It’s not terribly hard to get an audience to clap along to a song, especially when its singers are lined up across the front of a stage, bringing their own hands together. The challenge is having the audience stop—all at once, at the right moment, no petering out or stragglers. As the second act began at the press preview of the Off-Broadway revival of Rent I attended last week, the 490-odd giddily enthusiastic theatergoers around me—they couldn’t all be friends of the production—dove right into the clap-along portion of Jonathan Larson’s anthemic “Seasons of Love,” and, much more impressive, they all stopped precisely on cue.
That’s a good sign for this pleasant but unthrilling production, which opened Thursday night at New World Stages. Its producers are honing a scheme to keep popular Broadway musicals running indefinitely at Off-Broadway scale, as they’ve already done with Avenue Q. The idea is to leverage an iconic show’s name recognition, built on Broadway, mix it with Off-Broadway’s much lower running costs, add just a pinch of creative freshening, and end up with a respectable little income stream. It’s a plan that greatly benefits from a built-in fan base devoted enough to know when to stop clapping.
It all makes good sense from a business perspective, and it worked nicely with cynical and ironic Avenue Q, which moved intact to New World immediately after its six-year Broadway run and retained its fun and bite in the new space. But Rent, an earnest product of a different era, has fared less well.
This landmark musical of the 1990s, a celebration of life and love and making art in the just-starting-to-gentrify East Village, arrived at New York Theater Workshop in 1996 and quickly transferred to Broadway’s Nederlander Theatre, where it camped out for the next 12 years. Three years after it closed there, director Michael Greif has hauled his original production out of storage and remounted it in the new venue, with a new cast, a different set and costumes, and just about everything else intact.
The legendary power and freshness of that original production is gone. What’s on stage now feels a bit worn and even a bit silly. What exactly is the “cyber studio” the greedy landlord still wants to build on the show’s hallowed block of East 11th Street? (And, when considered as a real thing, not just as bogeyman, isn’t it just the sort of establishment today’s creative East Villagers would want to live near?) This is a fine production of a rightly beloved show, sure to thrill great numbers of angsty high schoolers visiting New York, which is of course what the producers have set out to do. In its eager-to-please passability, it brings nostalgic smiles to more jaded theatergoers, too.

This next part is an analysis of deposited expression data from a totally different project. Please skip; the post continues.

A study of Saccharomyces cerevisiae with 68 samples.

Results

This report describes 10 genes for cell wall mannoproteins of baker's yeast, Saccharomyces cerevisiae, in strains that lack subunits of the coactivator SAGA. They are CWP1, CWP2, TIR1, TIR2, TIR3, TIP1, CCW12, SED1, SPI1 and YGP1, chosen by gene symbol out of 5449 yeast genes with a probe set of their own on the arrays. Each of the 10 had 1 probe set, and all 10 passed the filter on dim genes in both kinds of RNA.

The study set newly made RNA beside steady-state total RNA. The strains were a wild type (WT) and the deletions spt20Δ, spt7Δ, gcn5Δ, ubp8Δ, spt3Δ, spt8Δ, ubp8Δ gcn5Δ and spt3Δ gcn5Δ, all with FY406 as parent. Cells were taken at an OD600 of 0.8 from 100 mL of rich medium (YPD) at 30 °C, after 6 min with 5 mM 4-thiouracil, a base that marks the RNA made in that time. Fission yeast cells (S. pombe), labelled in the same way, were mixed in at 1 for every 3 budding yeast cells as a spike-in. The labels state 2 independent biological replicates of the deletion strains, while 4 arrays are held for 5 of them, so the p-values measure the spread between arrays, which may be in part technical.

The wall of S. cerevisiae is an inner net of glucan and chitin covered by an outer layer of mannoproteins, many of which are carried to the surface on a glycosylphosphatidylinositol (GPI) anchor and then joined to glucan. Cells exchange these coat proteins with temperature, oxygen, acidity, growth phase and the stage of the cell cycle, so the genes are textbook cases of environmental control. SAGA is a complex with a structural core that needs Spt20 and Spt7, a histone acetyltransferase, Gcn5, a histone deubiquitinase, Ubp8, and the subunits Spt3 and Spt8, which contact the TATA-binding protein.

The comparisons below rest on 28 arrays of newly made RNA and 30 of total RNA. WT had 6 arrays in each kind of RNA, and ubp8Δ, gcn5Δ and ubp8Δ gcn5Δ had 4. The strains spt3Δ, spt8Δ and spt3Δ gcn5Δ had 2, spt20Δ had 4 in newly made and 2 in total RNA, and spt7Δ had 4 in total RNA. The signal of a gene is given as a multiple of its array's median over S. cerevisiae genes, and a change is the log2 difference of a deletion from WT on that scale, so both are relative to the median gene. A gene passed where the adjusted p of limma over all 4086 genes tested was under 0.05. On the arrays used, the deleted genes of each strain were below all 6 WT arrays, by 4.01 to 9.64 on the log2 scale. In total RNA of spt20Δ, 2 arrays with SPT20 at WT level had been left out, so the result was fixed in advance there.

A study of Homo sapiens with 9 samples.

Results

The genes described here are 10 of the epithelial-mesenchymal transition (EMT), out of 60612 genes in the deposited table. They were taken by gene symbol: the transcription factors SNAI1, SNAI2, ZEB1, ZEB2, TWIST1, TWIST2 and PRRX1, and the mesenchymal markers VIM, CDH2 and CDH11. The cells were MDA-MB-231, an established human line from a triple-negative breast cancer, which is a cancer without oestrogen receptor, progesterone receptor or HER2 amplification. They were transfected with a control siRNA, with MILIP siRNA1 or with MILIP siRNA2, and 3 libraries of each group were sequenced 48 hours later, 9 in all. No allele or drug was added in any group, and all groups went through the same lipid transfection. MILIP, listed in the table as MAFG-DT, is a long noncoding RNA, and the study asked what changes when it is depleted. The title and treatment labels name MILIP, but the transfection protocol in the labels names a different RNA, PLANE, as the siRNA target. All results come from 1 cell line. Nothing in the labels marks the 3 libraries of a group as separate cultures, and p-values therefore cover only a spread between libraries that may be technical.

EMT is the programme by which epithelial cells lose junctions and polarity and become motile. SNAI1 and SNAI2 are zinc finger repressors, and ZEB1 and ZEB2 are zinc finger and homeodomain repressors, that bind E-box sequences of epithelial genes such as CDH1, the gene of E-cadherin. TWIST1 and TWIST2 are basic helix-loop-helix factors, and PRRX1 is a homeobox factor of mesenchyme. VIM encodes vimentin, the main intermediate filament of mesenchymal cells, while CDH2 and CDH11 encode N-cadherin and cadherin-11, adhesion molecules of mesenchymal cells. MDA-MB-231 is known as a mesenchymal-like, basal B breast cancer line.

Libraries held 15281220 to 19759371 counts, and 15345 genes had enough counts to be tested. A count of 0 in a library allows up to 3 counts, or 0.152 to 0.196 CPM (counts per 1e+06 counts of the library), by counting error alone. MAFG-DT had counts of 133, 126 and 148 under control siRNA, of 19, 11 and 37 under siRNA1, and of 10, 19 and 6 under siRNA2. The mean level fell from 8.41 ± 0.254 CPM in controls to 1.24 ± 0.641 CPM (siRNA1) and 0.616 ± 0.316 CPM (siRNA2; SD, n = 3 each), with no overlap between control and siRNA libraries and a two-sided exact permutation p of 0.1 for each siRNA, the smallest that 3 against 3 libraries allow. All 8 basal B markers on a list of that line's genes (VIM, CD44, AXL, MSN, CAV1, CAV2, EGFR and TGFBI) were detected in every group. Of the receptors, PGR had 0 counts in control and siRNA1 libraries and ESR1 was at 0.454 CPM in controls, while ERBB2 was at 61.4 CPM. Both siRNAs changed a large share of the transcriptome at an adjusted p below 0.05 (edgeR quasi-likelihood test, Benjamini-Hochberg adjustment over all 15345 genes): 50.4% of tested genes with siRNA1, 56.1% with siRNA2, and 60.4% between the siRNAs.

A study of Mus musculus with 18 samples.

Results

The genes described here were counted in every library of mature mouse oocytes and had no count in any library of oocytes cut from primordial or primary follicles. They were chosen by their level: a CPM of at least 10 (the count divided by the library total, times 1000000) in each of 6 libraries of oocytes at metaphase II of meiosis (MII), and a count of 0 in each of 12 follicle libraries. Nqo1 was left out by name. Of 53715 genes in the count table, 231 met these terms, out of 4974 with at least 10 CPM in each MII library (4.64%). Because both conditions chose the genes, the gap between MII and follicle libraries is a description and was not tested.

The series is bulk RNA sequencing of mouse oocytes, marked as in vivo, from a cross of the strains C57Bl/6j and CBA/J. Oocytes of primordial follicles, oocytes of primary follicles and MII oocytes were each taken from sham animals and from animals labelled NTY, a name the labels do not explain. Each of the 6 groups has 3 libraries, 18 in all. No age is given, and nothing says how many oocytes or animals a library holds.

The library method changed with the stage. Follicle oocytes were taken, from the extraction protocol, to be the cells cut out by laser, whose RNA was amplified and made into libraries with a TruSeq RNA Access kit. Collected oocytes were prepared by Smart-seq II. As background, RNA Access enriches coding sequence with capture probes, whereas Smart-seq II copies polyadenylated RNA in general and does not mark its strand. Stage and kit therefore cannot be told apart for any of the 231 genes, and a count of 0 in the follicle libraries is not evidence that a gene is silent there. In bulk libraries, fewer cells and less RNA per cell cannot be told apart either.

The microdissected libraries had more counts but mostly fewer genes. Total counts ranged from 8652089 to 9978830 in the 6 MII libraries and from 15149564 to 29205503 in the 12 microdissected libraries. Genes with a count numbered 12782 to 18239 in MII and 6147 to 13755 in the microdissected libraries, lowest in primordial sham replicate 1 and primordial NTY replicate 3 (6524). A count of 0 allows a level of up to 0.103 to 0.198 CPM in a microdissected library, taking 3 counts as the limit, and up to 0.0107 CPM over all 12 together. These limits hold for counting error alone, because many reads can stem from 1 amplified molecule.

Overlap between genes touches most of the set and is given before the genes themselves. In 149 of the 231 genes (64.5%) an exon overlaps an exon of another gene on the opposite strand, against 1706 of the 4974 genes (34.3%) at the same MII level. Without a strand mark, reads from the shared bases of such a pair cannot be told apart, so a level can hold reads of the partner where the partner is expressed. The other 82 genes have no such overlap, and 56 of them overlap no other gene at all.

But, at base, what was once a show that spoke truths about life in New York is now a show that speaks truths about the theater business. “Theater is a business and we do it to make money,” producer Jeffrey Seller told The Times a few weeks ago, an atypically explicit declaration of the commercialism of commercial theater. “I’m a producer and I have to make a living, and we have a director who needs to make a living, and we have actors who act to make a living.” It’s a fair point, but an odd fit for a musical that celebrates the virtues of refusing to make a living.
Never mind the bohemians; it’s la vie capitaliste.
The writer and drag performer Charles Busch is known for two types of shows: shticky, drag send-ups of golden-age movie tropes, like his recent and hilarious Divine Sister, and marginally less shticky, non-drag send-ups of New Yorker cartoon-style New York Jews, like his Broadway hit, Tale of the Allergist’s Wife.
His latest, Olive and the Bitter Herbs, which he wrote but does not star in—all the women are played by actual women—opened last night in a Primary Stages production at 59E59 Theaters. With a crotchety, rent-stabilized protagonist named Olive and a climatic Passover seder (those titular bitter herbs), it would seem to fall squarely into the latter camp.
But not entirely: the plot is moved forward by a spectral presence perhaps living in Olive’s living-room wall mirror, a hot-tubbing gay real-estate agent from Key West named Howard. It’s a bit of high-shtick looniness that seems more a part of drag cabaret than Borscht Belt realism, and it gives the play—which is sort of silly, mostly forgettable, and entirely laugh-out-loud funny—a goofily delightful third reel, as each character in turn realizes they interacted with Howard on the last day of his life.
Mark Brokaw directs a cast of pros who ably handle Mr. Busch’s one liners: Marcia Jean Kurtz as Olive, resentful of everything; David Garrison and Dan Butler as the gay neighbors she can’t stand, trying to win her over; Richard Masur as, well, The Sisters Rosenzweig’s Merv Kant, who ultimately shows Olive the love of a good alter kocker.
But the best moment in the show belongs to longtime Busch collaborator Julie Halston, as the friend Olive leans on and belittles, who has a wonderful meltdown moment as she finally breaks free of the woman who’s tormented her. “The waters have parted,” she says, building to delicious high dudgeon. “Free at last. Free at last. Oh, dear Lord, I’m free at last!” It’s derivative, sure; but it’s very, very funny.